The Incredible Scam of Dieting

  1. The first is that fat people, “obese” people, “overweight” people are all human beings deserving of respect and love and belonging, and it should not matter what other people think. I mean specifically that what another person thinks of your weight should not affect your job, the healthcare you receive, or your ability to care for yourself. Human beings all deserve life’s basic necessities like clothing and shelter and yes, food. After all, that would all be incredibly counter productive even if the goal was “weight loss”. I recall a ridiculous article a while back (or was it a tweet?) of a journalist upset by plus-size Nike mannequins on display…which, what are all these fat people supposed to exercise in, then, to lose weight?
  2. The second thing I wish all people who have never attempted to lose more than 20–40 pounds understood is that changing your body that much is an expensive, incredibly time consuming, incredibly narcissistic, herculean feat that is achieved by very few in the long term. It’s recently come to my attention that some people do not know what the framework “Health at Every Size” actually means. It is a treatment and public health framework made to encourage people in fat bodies to eat healthy, exercise, and take care of their bodies — including adequate, dignified medical care. This is precisely built on the knowledge that those interventions will not necessarily change your weight or size, but will still improve your health, such as your blood cholesterol levels and cardiovascular health. Not all people whose bodies you don’t like are people who never exercise and eat mostly fast food — that’s a reductionist stereotype and grossly oversimplified. We are built to resist famine. We are built to maintain homeostasis. Regardless of what you think of this “obesity epidemic”, you should first at least recognize that this is an incredible challenge — most especially for people who have had larger bodies most of their lives rather than some blip in time. Because…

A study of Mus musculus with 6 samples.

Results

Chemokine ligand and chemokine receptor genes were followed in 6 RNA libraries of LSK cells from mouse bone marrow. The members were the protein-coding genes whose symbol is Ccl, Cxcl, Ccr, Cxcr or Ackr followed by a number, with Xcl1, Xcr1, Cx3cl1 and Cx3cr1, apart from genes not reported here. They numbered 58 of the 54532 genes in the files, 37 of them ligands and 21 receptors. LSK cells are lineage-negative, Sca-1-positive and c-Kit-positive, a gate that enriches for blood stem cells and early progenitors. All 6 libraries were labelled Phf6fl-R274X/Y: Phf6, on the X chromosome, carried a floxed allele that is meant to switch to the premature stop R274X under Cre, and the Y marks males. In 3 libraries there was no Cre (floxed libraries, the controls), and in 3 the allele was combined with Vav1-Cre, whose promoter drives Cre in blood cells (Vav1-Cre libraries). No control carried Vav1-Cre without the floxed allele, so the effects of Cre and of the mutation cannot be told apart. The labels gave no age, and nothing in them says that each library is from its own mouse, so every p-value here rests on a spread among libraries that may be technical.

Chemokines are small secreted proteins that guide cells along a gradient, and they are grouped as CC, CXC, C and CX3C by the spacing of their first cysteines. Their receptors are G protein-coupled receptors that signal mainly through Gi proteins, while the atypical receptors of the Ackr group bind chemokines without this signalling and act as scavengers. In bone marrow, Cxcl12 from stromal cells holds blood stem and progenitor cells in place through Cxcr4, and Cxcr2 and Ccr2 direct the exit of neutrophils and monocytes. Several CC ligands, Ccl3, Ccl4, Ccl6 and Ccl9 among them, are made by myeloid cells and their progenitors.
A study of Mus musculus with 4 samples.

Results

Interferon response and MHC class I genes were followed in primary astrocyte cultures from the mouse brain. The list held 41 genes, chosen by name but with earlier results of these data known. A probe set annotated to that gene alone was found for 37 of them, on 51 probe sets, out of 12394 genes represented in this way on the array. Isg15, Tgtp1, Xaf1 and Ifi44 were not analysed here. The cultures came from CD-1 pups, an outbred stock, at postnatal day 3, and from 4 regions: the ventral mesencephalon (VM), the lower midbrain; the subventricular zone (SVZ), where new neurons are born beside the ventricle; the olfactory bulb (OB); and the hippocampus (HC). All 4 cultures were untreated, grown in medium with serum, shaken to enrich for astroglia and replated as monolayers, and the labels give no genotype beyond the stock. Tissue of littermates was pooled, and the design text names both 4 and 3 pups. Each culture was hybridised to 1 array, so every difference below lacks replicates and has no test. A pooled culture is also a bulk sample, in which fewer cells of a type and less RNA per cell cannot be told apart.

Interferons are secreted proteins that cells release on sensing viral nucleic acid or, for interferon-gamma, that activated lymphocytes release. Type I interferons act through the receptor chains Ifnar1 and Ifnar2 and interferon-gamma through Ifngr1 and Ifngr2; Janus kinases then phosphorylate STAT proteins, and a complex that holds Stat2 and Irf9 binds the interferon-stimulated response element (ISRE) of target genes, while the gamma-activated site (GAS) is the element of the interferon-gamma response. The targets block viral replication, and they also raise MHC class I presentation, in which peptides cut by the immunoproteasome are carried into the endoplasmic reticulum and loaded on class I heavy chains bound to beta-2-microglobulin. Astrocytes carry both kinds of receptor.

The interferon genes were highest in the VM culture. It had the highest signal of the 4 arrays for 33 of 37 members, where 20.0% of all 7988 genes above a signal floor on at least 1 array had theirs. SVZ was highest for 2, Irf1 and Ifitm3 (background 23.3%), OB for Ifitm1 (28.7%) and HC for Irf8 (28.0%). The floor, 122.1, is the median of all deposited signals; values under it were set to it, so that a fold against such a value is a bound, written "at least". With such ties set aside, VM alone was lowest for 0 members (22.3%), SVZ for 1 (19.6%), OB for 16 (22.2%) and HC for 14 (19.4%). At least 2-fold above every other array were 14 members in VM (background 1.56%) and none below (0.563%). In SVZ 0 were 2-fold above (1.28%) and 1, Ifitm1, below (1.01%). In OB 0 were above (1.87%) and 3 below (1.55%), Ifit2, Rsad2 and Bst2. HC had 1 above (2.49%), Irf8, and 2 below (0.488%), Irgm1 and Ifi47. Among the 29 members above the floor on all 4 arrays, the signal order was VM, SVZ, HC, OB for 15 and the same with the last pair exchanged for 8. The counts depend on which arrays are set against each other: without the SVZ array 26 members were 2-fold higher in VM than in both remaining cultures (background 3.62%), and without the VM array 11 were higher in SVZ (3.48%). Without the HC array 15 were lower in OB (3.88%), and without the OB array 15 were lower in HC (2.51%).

3. Third, humans have natural variation in their bodies. Human sizes, like all biological variations, exist on a bell curve, meaning there is a very wide range of possibilities but sure, most people will fall somewhere in the middle. We don’t actually know, right now, what weight or how much adipose tissue is unhealthy for whom, and especially, what actually is the far end of the bell curve. For some groups, a lower BMI threshold (an incredibly flawed system I will rant about another time) is correlated to health problems where other groups will be correlated at a higher BMI. Notice how I am choosing my words very carefully. No one has ever died of obesity. People die of diabetes, of heart disease, and a plethora of conditions that are correlated with obesity — and successful treatment of these is also dependent on medical care. It is still not well understood what the “threshold” is for size, weight, and adipose tissue is that contributes to these conditions except in a very general sense — in truth, it’s far more likely that there is a varying threshold for every person, because of this natural human variation. We see the same variation in height — it is partially genetic and partially influenced by lifestyle (during the growth and development of children). People are also getting taller on average as childhood malnourishment is less common, though that is not spoken of as an epidemic. In fact the most “obese” countries in the world are mostly Polynesian islands, where people have always had larger frames (think Dwayne “the Rock” Johnson). This is why I use the word “obese” and related terms in quotes, because it is a word that does not actually mean anything — it points to a very specific threshold of a BMI over 25. That threshold was adjusted down from a previously higher threshold by the World Health Organization in 1988. Overnight, millions of people became “obese” because of a metric adjustment. You can imagine how that contributed to the “obesity epidemic”.


Selam G.

MIT grad, robotics engineer, mixed. A place I write.